The FDA yesterday released draft guidance covering microneedling devices and what it considers to be a medical device under its purview.
Microneedling devices are often touted as treatments for acne, scars, stretch marks and to generally increase the elasticity and healthiness of skin. The devices and procedures are often meant to be performed at home or in cosmetic or plastic surgery centers.
The federal watchdog laid out a number of treatment claims that, if made, would put such devices under its regulatory jurisdiction. The claims include treating scars, wrinkles and deep facial lines, cellulite and stretch marks, dermatoses, acne, alopecia, stimulating collagen production or angiogensis or promoting wound healing.
The FDA said that microneedling products that are not intended for diagnosing, curing, mitigating, treating or preventing diseases, and those that do not affect the structure or function of the body, do not qualify as a device under its regulation. To meet this, however, the microneedler must not penetrate living skin and can only claim to facilitate exfoliation and produce a luminous or smoother look and feel.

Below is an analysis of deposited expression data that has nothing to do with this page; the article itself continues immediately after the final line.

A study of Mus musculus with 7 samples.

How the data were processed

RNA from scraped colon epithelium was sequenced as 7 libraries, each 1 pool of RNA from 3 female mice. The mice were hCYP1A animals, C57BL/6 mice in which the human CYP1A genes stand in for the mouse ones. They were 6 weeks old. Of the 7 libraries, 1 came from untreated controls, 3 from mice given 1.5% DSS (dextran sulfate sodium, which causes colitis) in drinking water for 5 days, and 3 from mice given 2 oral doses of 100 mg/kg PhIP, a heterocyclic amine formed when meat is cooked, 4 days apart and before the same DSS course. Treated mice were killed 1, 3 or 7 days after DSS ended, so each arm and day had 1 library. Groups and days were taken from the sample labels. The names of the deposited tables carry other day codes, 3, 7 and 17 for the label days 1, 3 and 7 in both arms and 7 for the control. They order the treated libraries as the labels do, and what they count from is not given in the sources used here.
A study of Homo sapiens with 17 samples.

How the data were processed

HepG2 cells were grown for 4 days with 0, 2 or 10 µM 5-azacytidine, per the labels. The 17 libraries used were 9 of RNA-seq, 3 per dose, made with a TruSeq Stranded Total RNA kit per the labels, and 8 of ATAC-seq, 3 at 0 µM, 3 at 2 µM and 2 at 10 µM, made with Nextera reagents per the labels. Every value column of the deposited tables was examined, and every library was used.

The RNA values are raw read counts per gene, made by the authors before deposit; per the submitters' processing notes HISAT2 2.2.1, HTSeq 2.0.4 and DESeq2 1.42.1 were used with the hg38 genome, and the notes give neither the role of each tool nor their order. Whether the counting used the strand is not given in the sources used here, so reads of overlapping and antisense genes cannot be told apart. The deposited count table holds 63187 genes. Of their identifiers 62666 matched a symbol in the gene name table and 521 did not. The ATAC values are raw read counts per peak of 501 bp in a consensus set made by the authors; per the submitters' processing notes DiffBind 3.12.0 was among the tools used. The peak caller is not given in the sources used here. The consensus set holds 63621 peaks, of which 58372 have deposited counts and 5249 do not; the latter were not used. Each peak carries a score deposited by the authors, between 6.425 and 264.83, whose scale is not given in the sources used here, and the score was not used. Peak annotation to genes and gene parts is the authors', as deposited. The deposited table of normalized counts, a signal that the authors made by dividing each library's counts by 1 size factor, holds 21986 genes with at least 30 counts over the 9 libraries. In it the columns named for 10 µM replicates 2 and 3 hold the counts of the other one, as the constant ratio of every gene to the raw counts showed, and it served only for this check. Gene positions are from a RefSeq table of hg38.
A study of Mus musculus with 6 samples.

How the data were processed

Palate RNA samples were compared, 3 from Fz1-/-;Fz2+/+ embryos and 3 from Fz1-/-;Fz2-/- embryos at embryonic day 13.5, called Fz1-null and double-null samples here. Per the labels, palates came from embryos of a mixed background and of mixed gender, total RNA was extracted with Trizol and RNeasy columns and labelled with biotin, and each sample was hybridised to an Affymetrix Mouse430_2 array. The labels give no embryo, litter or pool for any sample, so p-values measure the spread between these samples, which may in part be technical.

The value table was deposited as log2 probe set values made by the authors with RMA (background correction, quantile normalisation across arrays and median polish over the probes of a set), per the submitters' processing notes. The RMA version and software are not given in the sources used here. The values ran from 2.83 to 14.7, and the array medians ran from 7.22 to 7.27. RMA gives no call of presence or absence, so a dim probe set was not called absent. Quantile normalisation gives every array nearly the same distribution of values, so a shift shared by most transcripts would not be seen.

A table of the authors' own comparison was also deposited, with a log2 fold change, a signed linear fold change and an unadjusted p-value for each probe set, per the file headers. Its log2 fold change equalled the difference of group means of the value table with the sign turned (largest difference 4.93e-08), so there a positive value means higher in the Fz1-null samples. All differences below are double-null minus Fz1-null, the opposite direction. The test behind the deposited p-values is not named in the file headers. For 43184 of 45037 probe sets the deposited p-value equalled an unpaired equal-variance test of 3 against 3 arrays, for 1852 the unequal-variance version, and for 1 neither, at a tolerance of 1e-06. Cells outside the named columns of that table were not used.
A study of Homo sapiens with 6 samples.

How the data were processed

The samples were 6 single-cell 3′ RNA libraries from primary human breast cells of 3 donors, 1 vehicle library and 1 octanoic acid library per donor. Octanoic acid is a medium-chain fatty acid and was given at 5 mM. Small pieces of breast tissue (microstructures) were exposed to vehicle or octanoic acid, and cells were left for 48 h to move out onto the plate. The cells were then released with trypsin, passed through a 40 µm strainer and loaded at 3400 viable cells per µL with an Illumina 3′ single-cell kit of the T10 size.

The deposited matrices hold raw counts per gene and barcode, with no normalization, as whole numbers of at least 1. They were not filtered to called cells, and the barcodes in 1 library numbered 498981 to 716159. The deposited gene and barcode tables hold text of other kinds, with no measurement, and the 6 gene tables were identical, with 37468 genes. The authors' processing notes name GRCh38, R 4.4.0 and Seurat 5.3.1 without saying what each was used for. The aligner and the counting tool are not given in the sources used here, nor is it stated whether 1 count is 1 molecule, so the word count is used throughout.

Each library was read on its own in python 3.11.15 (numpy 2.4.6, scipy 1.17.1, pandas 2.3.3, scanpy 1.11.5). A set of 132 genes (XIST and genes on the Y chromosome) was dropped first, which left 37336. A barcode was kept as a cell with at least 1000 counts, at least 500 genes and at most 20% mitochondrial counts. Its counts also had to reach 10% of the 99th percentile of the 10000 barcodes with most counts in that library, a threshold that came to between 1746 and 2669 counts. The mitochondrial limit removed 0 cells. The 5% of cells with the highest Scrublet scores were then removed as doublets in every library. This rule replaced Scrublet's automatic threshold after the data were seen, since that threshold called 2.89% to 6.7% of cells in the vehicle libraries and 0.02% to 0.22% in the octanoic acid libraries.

“In general, such microneedling products would not be devices; however, the products may still be subject to other requirements of the FD&C Act or other Federal statutes or regulations administered by other Federal agencies,” the FDA wrote in its draft guidance.
Any microneedling products that meet the agency’s guidelines would be required to be submitted to it for review, the FDA said.
The FDA also warned that such devices are associated with risks including infection, nerve and blood vessel damage, disease transmission between users, scar formation, hyperpigmentation, skin inflammation, allergic reactions and skin irritation.
Earlier this month, the FDA said it is readying a pilot program to try and improve the pre-market approval process for high-risk medical devices later this month.